The book opens by trying to explain just what it is. Whilst it wasn't the first attempt at a generic ruleset, most people were publishing discrete games that included both rules and setting (or at least, genre) or they'd gone whole hog at the generic concept, put out some rules and left you to it. Amazing Engine was designed from the outset as a two-part system. You'd have the core rules (this book) and then you'd add the 'universe book' of your choice to make a complete game. These core rules contain all that's needed to create player characters and have those characters use skills, fight, and move. Hence, any character can be played in any universe, and experience from one can be applied to another.
The concepts of a 'player core' and a 'player character' are introduced to facilitate this. The idea is that this System Guide is used to create the player core, which is the framework from which player characters are built. The same player core is used from universe to universe. The player character is the actual collection of numbers, skills, and other abilities used to roleplay in a given universe. A player will have a different character in each universe, but these characters may all be generated from the same player core. It doesn't however mean that they're all the same character, just they share the core framework. That's fine if you like playing, say, sneaky and intelligent characters whatever sort of game you are playing... but may be a bit problematic if you prefer to fine-tune even the underlying nature of your character to the setting in which he will exist.
In the player core, you have to decide how much emphasis you want to put on four core aspects: physique, intellect, spirit and influence. Just how these are expressed will depend on the universe in which you will be playing. This is done by having two attributes associated with each aspect, and it is these, not the aspects, that are used to describe the player character - and can be quite different for each universe. You start by ranking the core aspects from 1 (the strongest) to 4 (the weakest). Then you begin in on your first player character by picking any four of the attributes - it doesn't matter which aspect they relate to at this point - and roll 4d10 and add them together to get a number. For the other four, roll 3d10. Then you add together the numbers for the two attributes belonging to each aspect - this becomes part of the player core and is used to create each subsequent player character (who are made slightly differently from the first one). It sounds a bit complex but the examples given and just getting some dice and playing around make it all come clear. As is often the case, rules really ought to be written by someone other than the person who created them - they understand how they work already and don't always explain them as well as someone who has had to learn them can!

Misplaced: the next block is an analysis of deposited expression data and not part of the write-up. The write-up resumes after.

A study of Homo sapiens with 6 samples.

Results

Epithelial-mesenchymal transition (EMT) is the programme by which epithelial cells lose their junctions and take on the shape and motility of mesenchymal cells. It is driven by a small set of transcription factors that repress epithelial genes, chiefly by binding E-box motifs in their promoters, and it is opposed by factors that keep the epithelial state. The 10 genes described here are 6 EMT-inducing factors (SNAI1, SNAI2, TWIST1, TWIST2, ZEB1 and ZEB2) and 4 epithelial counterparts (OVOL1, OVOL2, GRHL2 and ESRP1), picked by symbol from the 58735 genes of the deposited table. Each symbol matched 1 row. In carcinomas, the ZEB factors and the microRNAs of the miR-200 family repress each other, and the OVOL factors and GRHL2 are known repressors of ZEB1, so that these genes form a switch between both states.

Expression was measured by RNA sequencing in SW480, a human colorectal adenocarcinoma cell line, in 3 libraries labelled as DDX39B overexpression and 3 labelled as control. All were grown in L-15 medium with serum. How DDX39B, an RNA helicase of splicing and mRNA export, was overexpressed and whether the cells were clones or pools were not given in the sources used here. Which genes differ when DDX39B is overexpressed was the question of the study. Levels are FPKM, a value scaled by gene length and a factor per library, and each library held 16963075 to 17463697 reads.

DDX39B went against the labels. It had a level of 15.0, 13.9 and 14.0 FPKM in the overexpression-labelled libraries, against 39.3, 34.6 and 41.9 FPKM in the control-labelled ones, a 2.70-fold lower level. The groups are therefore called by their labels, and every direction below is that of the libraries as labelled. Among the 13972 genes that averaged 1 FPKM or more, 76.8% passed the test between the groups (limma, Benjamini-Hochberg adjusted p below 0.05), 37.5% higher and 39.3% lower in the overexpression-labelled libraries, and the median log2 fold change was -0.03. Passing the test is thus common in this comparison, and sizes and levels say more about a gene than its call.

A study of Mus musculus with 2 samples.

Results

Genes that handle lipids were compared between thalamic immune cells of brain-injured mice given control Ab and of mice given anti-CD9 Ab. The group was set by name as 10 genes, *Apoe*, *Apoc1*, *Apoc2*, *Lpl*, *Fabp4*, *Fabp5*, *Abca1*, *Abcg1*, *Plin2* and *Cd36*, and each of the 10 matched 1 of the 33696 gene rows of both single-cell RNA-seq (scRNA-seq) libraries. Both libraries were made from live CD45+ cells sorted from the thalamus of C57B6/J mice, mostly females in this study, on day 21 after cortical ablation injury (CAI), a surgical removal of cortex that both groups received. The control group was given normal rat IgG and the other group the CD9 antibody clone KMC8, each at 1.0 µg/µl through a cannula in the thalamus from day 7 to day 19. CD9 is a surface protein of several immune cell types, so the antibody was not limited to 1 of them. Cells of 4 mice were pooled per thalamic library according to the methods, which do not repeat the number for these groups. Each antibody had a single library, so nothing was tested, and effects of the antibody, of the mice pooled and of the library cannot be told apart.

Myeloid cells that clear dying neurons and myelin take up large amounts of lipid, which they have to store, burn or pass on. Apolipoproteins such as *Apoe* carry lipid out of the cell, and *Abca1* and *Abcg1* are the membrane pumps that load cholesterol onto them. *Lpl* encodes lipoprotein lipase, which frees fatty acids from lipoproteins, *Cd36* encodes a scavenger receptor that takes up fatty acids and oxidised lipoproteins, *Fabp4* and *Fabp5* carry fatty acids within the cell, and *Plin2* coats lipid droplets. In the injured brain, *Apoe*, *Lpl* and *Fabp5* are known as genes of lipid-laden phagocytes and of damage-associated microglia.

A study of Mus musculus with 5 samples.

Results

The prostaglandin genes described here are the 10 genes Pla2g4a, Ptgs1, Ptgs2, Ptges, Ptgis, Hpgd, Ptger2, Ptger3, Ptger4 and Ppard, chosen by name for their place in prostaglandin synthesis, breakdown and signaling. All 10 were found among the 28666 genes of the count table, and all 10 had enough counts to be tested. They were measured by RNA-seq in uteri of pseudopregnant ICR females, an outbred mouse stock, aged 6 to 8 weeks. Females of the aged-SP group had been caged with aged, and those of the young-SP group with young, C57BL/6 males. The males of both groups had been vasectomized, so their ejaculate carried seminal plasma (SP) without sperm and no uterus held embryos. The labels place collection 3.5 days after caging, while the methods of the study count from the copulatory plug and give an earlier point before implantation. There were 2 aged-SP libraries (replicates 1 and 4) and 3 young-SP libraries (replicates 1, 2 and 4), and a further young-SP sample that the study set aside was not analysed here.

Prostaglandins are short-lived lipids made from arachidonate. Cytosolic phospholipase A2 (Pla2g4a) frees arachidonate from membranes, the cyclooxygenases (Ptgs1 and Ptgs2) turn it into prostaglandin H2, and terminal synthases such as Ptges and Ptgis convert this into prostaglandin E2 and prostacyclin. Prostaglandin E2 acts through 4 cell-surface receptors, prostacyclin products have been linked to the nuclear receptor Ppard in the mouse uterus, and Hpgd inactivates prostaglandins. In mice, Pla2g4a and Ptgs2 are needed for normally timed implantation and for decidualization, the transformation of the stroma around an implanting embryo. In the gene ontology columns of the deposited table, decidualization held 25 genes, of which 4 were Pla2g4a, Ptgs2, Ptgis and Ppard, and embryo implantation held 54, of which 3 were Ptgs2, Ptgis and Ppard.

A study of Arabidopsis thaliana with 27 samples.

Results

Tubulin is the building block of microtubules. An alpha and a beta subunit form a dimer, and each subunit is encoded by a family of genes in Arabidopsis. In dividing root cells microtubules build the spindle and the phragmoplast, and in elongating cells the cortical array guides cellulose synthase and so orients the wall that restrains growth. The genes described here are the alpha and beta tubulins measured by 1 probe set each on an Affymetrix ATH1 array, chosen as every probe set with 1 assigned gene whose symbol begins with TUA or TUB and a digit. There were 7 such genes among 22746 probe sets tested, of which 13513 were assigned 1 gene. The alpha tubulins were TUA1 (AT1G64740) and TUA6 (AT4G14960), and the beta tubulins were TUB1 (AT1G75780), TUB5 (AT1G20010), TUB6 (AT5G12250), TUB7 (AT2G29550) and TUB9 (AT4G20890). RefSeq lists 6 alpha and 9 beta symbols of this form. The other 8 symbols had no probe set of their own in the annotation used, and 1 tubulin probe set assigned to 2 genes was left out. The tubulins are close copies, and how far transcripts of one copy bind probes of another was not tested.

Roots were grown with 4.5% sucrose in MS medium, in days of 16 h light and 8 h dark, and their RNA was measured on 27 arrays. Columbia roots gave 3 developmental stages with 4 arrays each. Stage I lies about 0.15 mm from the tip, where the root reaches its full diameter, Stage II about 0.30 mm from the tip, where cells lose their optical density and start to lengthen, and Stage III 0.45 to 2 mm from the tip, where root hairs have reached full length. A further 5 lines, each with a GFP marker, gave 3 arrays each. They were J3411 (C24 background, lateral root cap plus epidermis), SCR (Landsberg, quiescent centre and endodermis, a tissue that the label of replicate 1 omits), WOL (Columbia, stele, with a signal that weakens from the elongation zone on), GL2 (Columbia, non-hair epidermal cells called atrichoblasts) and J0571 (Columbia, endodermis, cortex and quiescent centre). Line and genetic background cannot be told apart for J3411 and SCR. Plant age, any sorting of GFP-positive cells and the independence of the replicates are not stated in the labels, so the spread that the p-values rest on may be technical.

Many other choices have to wait until you have decided on a universe in which to play. You cannot be an elf in a universe that doesn't have them, after all, nor can you wield magic unless you are in one where it works. Although your skills, too, will have to wait until you know about the universe you'll be playing in, the way tasks are resolved when you use them is standard, and is covered here - along with general notes on how they are chosen and so on. It's a slightly odd feeling trying to understand this in abstract, but again the examples are clear.
The next part of the book looks at experience: how to gain it (or award it if you're the GM) and what to do with it. This is when things get interesting - your player character's experience, gained in one universe, may be applied to your player core (and so benefit every player character you have across all the universes you play in... even though they are different people) or you may apply it to the player character who earned it. You also have the option of using them immediately to boost some ability temporarily as the situation dictates.
Other topics such as movement and the all-important combat are also covered here, again in fairly general terms. Whatever you are fighting with, the basics of how to resolve a hit are going to be the same, and the general overview of how combat works is constant. Finally, there's a note on magic, psionics and special powers. Mostly, it says that they are left to the universe books, which will determine what is possible there.
This isn't a game for shifting genres with the same character, yet it allows for some measure of continuity. That's particularly nice if you don't like starting from scratch every time you begin a new game in a different setting, or if you lose a character during play. More than that, it's a bit difficult to say - this is very much half of a game, I'll need to read a universe book to see how the whole hangs together... but that's a matter for another lunchtime! For now, this shows some promise.